Days before sharing information publicly, an internal PG&E report shows the company knew details about the Dixie Fire’s origins. It raises more questions for PG&E.

SACRAMENTO, Calif — PG&E employees documented many of the details surrounding the possible involvement of its power lines in sparking the massive Dixie Fire nearly a week before PG&E disclosed them to the public and state regulators in a written report.

“TREE IN THE LINE,” PG&E employees wrote in PG&E’s internal outage report obtained by ABC10, which also contained notes including “GRASS FIRE” and “FUSES BLOWN.”

Those notes were time stamped on the evening of Tuesday, July 13, the same day the first flames broke out. 

Despite rules requiring utilities to report incidents to state regulators within two to four hours, PG&E wouldn’t make any of the details public until five days later, on Sunday, July 18.

PG&E said it disclosed the information on July 18 out of “an abundance of caution” because fire investigators had seized parts of its power lines-- something that had already happened days earlier.

The fire blew up overnight after sparking on July 13, and for the rest of the week, it frightened the already terrified residents of Butte County, forcing evacuations near the same area where PG&E’s 2018 Camp Fire killed at least 85 people.

The fire, which has burned into Plumas County’s forests as well, continues to rage. A week later, Cal Fire reported the Dixie Fire ballooned to more than 133 square miles, a land area bigger than the city of Sacramento.

RELATED: Prosecutors investigate PG&E as company admits it may have sparked the Dixie Fire

Did PG&E call regulators or not?

PG&E and its state government regulators at the California Public Utilities Commission (CPUC) both said the incident was first reported on Sunday, July 18.

PG&E’s internal report from July 13 contains a note to the contrary: “CALLED CPUC.”

The next day, the agency denied receiving any report from PG&E on the incident.

“We have not received a report on the Dixie Fire,” CPUC spokesperson Terrie Prosper wrote via email on July 14. “We would only receive an incident report if a utility’s equipment was believed/thought to be involved in the fire, so we might not know immediately.”

CPUC rules allow utilities to make their initial reports by phone. Asked Wednesday to comment on the note showing that PG&E made a phone call on July 13, Prosper reiterated that the agency received its report from PG&E on July 18.

PG&E echoed that response and did not immediately reply to our emailed questions about whether the phone call occurred.

“Cal Fire collected some of our equipment on Sunday (July 18.) That took until late in the day,” Nauman wrote. “We filed the EIR Sunday night meeting the 4-hour weekend requirement.”

More detail on the delays 

PG&E’s public-facing report on July 18 showed significant delay in reaching the power line where the fire started.

After noticing an outage at 7:00am, PG&E crews looked across the Feather River and believed they saw a blown fuse. It took PG&E’s troubleman more than nine and a half hours to reach the location.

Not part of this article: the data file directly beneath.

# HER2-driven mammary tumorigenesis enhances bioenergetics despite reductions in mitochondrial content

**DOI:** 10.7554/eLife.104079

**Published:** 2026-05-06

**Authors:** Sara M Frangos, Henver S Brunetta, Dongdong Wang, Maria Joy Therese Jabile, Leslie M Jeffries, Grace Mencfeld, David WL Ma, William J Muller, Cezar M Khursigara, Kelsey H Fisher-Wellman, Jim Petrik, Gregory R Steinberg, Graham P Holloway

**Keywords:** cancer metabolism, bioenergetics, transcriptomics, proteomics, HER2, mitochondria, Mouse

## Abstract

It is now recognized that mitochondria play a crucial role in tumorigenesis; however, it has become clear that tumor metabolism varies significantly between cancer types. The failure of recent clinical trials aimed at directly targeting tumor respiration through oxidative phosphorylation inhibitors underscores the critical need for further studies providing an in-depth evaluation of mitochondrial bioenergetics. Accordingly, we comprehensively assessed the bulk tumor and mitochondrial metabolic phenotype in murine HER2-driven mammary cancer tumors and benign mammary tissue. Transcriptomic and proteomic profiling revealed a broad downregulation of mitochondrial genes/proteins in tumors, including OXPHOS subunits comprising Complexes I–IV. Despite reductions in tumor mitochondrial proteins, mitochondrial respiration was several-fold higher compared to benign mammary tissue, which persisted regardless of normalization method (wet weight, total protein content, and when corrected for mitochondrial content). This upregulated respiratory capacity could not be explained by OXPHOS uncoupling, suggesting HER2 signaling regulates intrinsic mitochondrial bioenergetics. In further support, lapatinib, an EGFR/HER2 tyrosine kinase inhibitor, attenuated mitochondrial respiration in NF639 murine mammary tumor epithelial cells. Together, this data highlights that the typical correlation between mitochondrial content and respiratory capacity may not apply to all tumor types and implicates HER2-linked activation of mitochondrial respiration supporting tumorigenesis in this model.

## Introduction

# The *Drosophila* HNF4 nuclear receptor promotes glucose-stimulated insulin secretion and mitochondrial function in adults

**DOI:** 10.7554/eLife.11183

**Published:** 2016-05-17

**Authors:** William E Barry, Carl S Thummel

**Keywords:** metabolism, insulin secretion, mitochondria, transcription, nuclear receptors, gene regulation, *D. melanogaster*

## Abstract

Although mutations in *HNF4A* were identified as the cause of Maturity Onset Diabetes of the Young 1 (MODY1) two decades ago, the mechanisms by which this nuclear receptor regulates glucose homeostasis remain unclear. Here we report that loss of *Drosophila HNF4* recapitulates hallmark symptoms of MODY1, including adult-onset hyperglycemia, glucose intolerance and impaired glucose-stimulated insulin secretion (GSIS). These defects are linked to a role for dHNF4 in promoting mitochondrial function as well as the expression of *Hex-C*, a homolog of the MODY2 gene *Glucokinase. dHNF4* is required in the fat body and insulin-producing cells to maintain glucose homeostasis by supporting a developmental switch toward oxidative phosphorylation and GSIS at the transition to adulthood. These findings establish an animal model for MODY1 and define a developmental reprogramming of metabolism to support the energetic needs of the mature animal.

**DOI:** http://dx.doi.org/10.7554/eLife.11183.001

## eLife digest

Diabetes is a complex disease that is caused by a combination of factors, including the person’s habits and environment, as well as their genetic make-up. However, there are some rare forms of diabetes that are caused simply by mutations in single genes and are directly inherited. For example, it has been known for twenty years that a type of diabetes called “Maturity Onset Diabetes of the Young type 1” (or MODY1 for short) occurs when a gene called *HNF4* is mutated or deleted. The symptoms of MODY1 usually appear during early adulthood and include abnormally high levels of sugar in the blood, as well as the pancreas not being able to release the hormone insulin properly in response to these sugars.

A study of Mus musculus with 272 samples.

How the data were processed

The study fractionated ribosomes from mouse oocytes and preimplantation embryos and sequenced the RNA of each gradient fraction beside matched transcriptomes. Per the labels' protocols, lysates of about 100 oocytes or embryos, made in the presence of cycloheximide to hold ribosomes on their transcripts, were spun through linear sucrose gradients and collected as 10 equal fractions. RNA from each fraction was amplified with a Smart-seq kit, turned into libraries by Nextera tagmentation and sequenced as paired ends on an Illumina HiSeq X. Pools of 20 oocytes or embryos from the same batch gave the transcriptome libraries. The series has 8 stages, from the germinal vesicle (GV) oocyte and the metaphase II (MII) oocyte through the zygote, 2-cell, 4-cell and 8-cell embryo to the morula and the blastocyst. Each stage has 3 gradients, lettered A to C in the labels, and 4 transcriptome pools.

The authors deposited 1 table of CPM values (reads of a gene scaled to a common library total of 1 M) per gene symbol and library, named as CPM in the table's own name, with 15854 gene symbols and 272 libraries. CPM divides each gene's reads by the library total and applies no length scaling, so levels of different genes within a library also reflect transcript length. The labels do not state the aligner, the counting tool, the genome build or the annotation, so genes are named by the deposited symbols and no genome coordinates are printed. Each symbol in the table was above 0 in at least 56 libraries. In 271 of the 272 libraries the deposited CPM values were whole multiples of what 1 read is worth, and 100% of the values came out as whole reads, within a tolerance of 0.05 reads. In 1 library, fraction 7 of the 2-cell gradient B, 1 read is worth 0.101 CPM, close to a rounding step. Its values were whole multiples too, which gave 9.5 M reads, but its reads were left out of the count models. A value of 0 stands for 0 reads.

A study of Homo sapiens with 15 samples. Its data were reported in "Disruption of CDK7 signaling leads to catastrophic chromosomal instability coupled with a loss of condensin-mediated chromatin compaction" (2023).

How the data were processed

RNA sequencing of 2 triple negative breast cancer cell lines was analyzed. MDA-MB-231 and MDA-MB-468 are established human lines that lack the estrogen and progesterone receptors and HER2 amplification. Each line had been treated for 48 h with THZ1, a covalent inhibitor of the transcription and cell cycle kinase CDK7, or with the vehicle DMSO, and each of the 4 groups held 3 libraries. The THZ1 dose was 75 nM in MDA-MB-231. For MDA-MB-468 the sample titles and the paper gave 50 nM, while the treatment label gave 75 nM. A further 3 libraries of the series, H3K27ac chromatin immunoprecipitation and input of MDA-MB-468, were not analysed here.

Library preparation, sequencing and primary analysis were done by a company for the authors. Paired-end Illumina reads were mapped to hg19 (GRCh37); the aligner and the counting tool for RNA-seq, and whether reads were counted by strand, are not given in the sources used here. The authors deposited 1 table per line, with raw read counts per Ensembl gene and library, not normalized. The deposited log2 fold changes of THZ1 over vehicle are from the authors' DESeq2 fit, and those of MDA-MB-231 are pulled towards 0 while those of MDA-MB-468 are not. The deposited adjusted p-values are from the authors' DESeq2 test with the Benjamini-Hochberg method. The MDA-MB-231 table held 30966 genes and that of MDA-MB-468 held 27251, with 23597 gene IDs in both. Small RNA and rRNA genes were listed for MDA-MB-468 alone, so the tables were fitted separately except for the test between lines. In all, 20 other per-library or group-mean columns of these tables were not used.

“Due to the challenging terrain and road work resulting in a bridge closure,” PG&E’s public report explained. “He was not able to reach the pole with the fuse until approximately [4:40pm.]”

Investigators told ABC10 they believe the fire broke out around the time PG&E’s crews were on scene that evening, saying that one PG&E employee tried to put out the first flames on his own.

PG&E’s internal report portrays the road construction as much less of a factor in the delay, saying that it added an “extra two hours” of driving time for the company’s crews.

In an email exchange, PG&E spokesman Matt Nauman did not address questions about the discrepancy.

Probation judge wants answers 

As he’s done many times before, US District Court Judge William Alsup filed an order on Wednesday demanding PG&E answer “the full extent to which its equipment had any role” in the Dixie Fire and another, smaller fire called the Bader Fire this month.

Nauman wrote that PG&E was aware of the order and would reply by the judge’s July 30 deadline.

Alsup supervises PG&E’s probation release for six federal felonies, including obstructing a federal investigation, after the 2010 San Bruno gas explosion.

Alsup, who has called PG&E a “terror: T-E-R-R-O-R to the people of the state of California,” recently rescheduled PG&E’s next probation hearing for September.

PG&E suspected of fires five years in a row 

While on probation, PG&E power lines have been blamed for fires that killed more than 130 people in 2017, 2018, and 2020.

The company committed 85 felonies by sparking the 2018 Camp Fire, including 84 counts of manslaughter.

Each manslaughter count carried a maximum $10,000 criminal fine, an amount equal to 17 seconds of revenue for PG&E.

PG&E has been charged with more felonies for the 2019 Kincade Fire, which injured firefighters and burned more than 100 homes.

PG&E faces a criminal homicide investigation in Shasta County for the Zogg Fire. That fire killed four people, including an eight-year-old girl and her mother trying to escape in a pickup truck.

On Wednesday, PG&E announced its intention to put 10,000 miles of power lines underground, a move with an unknown price tag that would need to clear regulatory hurdles to accomplish.

RELATED: PG&E announces plans to bury thousands of miles of power lines

The power lines where the Camp and Dixie fires started are both located in a rocky canyon.

Asked whether putting either power line underground was technically possible, Nauman didn't answer.